Maintaining Swimming Pool


Following is a guide on how to maintain a swimming pool.

The first step in proper maintenance of the swimming pool is to become familiar with its water contents and properties.

Chlorine: It is used to kill the bacteria and algae in swimming pools. It’s also used in household cleaners. Although the amount used in household cleaning products is far lesser than what is put in pools. The amount of chlorine to use in pool water depends on many variables such as pool usage, rain, temperature, proximity to trees, and PH levels. Use the pool calculator website app to find the right amount for your pool.

PH: The pH scale ranges from 0 to 14. If the PH is 7, the water is neutral, if the it is above 7, the water is basic, and if it is below 7 the water is acidic. According to the swimmingpool.com, “The ideal range for pH in swimming pool water is 7.0 – 7.6. The pH of our eyes is typically 7.2 – 7.4. In our experience, if the pH is kept at the same level as that in our eyes, the side-effects of burning red eyes is kept to a minimum.”

For more information on how PH level in swimming pools, go to this link: PH and pool water.

Alkalinity: It is the amount of dissolved particles in the water with pH of more than 7. Side effects of low total alkalinity are: etching of the plaster and tiles, corrosion of metal parts, staining of the pool’s surfaces, burning eyes and itchy skin, etc. Ideal TA range is 80 – 120 ppm (Parts per million).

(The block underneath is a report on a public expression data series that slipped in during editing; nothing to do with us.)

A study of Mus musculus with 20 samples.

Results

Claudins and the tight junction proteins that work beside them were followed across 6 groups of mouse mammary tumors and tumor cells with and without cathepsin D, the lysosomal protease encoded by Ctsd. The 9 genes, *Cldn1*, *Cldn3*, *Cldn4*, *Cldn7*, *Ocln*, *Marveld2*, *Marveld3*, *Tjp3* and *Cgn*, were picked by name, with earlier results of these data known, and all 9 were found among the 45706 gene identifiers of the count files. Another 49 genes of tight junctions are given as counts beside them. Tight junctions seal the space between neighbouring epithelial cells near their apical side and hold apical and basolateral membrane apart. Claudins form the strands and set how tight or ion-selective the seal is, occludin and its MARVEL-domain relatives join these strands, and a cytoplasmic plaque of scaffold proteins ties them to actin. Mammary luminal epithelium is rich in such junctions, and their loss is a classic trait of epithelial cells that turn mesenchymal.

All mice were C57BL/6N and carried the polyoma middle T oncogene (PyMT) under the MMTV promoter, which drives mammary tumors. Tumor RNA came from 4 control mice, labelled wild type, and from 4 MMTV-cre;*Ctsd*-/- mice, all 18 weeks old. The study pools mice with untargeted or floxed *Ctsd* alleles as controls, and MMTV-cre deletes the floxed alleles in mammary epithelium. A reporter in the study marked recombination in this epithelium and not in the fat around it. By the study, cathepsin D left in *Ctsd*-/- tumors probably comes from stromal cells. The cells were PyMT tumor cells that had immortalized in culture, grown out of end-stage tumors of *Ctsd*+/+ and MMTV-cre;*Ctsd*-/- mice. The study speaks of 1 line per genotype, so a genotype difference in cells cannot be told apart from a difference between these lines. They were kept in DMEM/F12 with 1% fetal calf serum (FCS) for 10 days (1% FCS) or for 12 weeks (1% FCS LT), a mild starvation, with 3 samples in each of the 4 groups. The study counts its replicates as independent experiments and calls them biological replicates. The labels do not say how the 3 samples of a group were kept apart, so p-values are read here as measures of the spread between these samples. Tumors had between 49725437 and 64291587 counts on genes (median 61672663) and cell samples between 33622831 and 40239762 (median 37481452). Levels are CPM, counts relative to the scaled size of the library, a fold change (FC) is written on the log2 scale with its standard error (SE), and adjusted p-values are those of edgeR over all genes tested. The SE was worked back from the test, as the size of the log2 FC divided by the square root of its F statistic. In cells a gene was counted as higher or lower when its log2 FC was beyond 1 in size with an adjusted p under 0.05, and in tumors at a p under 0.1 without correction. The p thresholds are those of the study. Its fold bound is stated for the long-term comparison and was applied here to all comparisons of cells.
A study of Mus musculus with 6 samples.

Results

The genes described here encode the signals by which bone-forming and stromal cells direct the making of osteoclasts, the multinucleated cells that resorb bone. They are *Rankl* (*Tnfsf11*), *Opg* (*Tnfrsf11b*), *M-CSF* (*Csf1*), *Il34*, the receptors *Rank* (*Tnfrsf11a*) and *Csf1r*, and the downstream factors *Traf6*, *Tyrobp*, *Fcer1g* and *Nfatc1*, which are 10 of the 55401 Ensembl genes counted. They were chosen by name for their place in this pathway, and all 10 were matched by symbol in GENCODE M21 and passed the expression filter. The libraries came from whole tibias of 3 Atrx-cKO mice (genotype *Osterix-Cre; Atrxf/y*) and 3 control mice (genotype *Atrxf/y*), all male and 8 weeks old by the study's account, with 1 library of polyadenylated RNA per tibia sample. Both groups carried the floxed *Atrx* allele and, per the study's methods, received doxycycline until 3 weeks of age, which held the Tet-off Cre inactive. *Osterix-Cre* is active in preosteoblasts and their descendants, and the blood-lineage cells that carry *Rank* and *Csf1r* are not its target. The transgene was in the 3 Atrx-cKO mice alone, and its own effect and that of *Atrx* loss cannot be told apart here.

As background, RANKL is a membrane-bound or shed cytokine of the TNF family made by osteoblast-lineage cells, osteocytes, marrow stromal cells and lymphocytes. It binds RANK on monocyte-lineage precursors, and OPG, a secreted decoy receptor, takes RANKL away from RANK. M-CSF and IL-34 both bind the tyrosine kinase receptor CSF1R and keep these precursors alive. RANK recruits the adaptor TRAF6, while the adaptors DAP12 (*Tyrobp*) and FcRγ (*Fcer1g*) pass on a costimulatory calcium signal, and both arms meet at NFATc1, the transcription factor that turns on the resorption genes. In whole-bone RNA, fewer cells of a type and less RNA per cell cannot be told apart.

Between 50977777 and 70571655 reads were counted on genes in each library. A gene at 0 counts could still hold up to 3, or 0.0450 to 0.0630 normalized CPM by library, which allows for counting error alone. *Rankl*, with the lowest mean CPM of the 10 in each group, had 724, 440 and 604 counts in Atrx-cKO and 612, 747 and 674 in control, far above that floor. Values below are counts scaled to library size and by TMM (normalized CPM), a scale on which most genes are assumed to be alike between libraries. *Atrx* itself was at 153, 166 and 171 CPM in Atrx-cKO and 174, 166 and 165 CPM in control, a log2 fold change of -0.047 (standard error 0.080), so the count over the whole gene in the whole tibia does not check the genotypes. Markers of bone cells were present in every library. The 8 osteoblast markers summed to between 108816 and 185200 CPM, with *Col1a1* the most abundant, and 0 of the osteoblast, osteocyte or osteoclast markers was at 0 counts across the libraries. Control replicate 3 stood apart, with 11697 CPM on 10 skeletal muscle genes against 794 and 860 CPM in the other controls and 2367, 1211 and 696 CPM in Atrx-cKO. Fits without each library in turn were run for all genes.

Cyanuric acid: It is used for chlorine loss in swimming pools. It protects the chlorine from UV rays from the sun. It’s also called CYA or a conditoner. Normally 40 – 80 ppm is ideal amount of Cyanuric acid in the pool, but for the areas exposed to sunlight should maintain 60 – 80 ppm.

Calcium hardness: The measure of all the dissolved minerals such as calcium, magnesium, and sodium is called as calcium hardness. The right level of calcium hardness should be maintained in the pools. The recommended level is 200 – 400 ppm.

These chemicals and properties should be regularly tested. The timeline for testing each of them is as follows.

PH – test twice a week.
Total alkalinity – twice a month.
Chlorine – twice a week.
Cyanuric acid – twice a season.
Calcium hardness – twice a season.

Use a pool testing kit to test the water. They are available online.

Once you’ve tested your pool for all the about properties, you’ll know if anything is excess or less than required. You’ll have to use chemicals to adjust the levels.

This is a link to an article on maintaining water chemistry in pools: How to properly maintain swimming pool water chemistry.

Other tips:

Use a tennis ball to clean the pool. Toss a soft, new tennis ball into your pool. It’s soak the oil residue and dirt from the pool.

Follow manufacturers guidelines when using chemicals for the pool.